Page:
As a young doctor who did his internship, residency and then fellowship in hematology and oncology all at Tufts School of Medicine in Boston, one might have expected Dr. Benjamin Newton to spend his career in “Bean Town.”
But as a native of Warren, CT, in the state’s rural northwestern corner, Dr. Newton was eager for a change.
“I loved my experience in Boston, so much so that I stayed for 10 years,” he says. “But I was looking for something different and was thinking about raising a family. I was looking for a community where I could continue to practice cutting-edge medicine but in a slightly different environment than the big city.”
The answer to Dr. Newton’s personal and professional dilemma turned out to be New London and Lawrence + Memorial Hospital.
“It’s a great area,” says Dr. Newton, who now lives in Old Saybrook with his wife and 3-year-old daughter. “This area is full of wonderful communities and the hospital is great. It’s a very supportive and collegial environment. The practice that I am a part of is outstanding, and when I decided to come here I thought it was a great opportunity to continue advancing in my field.”
In fact, Dr. Newton couldn’t have imagined just how good his opportunity to excel in his field would turn out to be. Today, he stands ready to be an integral part of the cancer-fighting team when the new state-of-the-art L+M Cancer Center opens next year near Interstate 95 in Waterford. The L+M Cancer Center will be partnering with the Boston-based Dana-Farber Cancer Institute, giving Dr. Newton the chance to provide world-class care in a community setting.
“I’m very excited about this outstanding opportunity,” he says. “Dana-Farber is a premier academic institution, and L+M is devoted to the advancement of cancer care in southeastern Connecticut and to its community. It’s a great match.”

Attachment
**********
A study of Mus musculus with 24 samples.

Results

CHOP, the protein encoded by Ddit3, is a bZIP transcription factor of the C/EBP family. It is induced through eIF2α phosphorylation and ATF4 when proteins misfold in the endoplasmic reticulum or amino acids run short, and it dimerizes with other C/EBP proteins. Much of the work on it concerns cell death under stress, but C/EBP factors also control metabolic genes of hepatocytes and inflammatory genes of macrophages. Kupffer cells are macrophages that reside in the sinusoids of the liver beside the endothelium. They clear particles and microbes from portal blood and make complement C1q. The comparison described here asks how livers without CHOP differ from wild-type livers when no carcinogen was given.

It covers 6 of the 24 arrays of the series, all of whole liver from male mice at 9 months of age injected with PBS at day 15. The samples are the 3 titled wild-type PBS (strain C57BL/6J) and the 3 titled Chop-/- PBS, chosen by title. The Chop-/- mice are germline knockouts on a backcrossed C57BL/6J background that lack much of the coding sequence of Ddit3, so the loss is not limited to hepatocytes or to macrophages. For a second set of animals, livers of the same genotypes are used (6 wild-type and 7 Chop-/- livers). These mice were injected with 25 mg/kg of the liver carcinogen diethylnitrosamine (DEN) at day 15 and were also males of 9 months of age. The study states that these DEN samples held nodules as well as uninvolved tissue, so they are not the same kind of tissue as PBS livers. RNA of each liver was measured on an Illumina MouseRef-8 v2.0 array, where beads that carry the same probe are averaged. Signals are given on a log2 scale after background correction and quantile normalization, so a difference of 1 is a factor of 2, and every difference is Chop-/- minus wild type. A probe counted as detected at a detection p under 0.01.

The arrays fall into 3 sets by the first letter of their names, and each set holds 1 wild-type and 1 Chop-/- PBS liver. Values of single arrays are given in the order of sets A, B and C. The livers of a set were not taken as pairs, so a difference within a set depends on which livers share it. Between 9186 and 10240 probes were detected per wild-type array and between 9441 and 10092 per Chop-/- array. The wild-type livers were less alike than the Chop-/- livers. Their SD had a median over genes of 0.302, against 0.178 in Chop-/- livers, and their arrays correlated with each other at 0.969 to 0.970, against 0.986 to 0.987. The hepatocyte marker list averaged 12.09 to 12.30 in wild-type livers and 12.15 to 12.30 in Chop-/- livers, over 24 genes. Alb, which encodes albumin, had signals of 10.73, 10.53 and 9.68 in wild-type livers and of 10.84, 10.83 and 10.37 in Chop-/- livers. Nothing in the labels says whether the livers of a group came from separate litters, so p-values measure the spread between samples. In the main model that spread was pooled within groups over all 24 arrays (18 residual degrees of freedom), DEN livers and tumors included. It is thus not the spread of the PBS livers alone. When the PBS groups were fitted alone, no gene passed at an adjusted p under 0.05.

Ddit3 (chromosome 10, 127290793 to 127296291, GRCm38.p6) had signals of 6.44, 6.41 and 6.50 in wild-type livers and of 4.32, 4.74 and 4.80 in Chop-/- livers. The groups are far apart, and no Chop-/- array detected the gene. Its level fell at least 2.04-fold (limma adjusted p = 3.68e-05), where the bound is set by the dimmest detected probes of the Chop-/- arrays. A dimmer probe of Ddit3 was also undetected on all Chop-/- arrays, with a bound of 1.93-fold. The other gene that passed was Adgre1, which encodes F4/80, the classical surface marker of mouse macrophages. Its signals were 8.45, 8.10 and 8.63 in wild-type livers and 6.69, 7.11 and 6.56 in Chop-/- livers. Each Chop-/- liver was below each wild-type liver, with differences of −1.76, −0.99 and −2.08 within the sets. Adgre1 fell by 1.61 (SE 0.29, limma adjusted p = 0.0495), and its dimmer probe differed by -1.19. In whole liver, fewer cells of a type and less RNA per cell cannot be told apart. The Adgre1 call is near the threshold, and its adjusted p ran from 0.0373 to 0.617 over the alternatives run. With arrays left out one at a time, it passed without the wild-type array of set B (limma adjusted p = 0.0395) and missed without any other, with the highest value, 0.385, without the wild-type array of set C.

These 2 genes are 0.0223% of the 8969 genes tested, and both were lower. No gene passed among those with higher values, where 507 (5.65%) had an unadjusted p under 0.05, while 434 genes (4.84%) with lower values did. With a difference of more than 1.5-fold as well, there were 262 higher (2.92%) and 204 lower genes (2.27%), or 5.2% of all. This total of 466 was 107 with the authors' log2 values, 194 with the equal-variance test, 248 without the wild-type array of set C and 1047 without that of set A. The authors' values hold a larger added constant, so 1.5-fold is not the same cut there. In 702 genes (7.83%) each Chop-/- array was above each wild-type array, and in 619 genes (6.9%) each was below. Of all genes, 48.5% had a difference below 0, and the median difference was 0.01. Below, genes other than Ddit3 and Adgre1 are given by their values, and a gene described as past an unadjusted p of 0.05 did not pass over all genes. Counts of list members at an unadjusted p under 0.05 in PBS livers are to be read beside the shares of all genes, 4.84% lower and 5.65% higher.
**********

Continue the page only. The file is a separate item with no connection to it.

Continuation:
What excites Dr. Newton the most is that he will be able to offer to his patients the chance to take part in cancer programs that will not be available anywhere else in the region, such as clinical trials.
“I’m particularly interested in providing oncology care in a more comprehensive setting where we have a lot of additional ancillary services, and a big part of that will be clinical trials,” he says.
“Clinical trial participation has always been very important in oncology, and, in many cases, patients have had to travel long distances, such as to Boston, to participate in clinical trials,” Dr. Newton says. “I expect and hope that this will be a way for people to have that high level of access to cancer treatment without having to travel.”
A clinical trial generally involves the use of a drug or a drug regimen that potentially offers benefits to patients but has not yet been approved for general use by the Federal Drug Administration.
“My hope is to be able to offer a range of clinical trials,” Dr. Newton says. “It’s a way of practicing even closer to the cutting edge of cancer care.”
Of course, Dr. Newton also believes that prevention is a key to fighting cancer.
“I encourage everyone to talk with their primary care doctor about the tests available that can screen patients for certain types of cancers,” he says. “Screenings can help identify cancers of the colon, the skin, the prostate and the breast. It is disheartening to realize that a simple test might have prevented a disease from reaching a stage where it becomes life threatening.”
Dr. Newton has one other bit of advice: don’t smoke!
“Avoiding cigarettes is the most fundamental lifestyle advice I can offer. If you are a smoker, talk to your primary care doctor about ways to successfully quit smoking,” he said. “If you have already tried, don’t lose heart, try again. I see so many cases of lung cancer and other cancers that are tied to tobacco use. Certainly, nicotine is one of the most addictive substances on Earth, but if there is any way to get away from it, it’s worth it.”
When he’s not on the job, Dr. Newton says that he enjoys travel and spending time with family and friends. But he makes it very clear that he loves his work and that he takes it very seriously.
“I think oncologists have a unique opportunity to connect with people at a time of great need,” he says. “I feel it’s an honor and privilege to be able to do that, and I’m very happy to be here.”
To learn more about Dr. Newton, click here.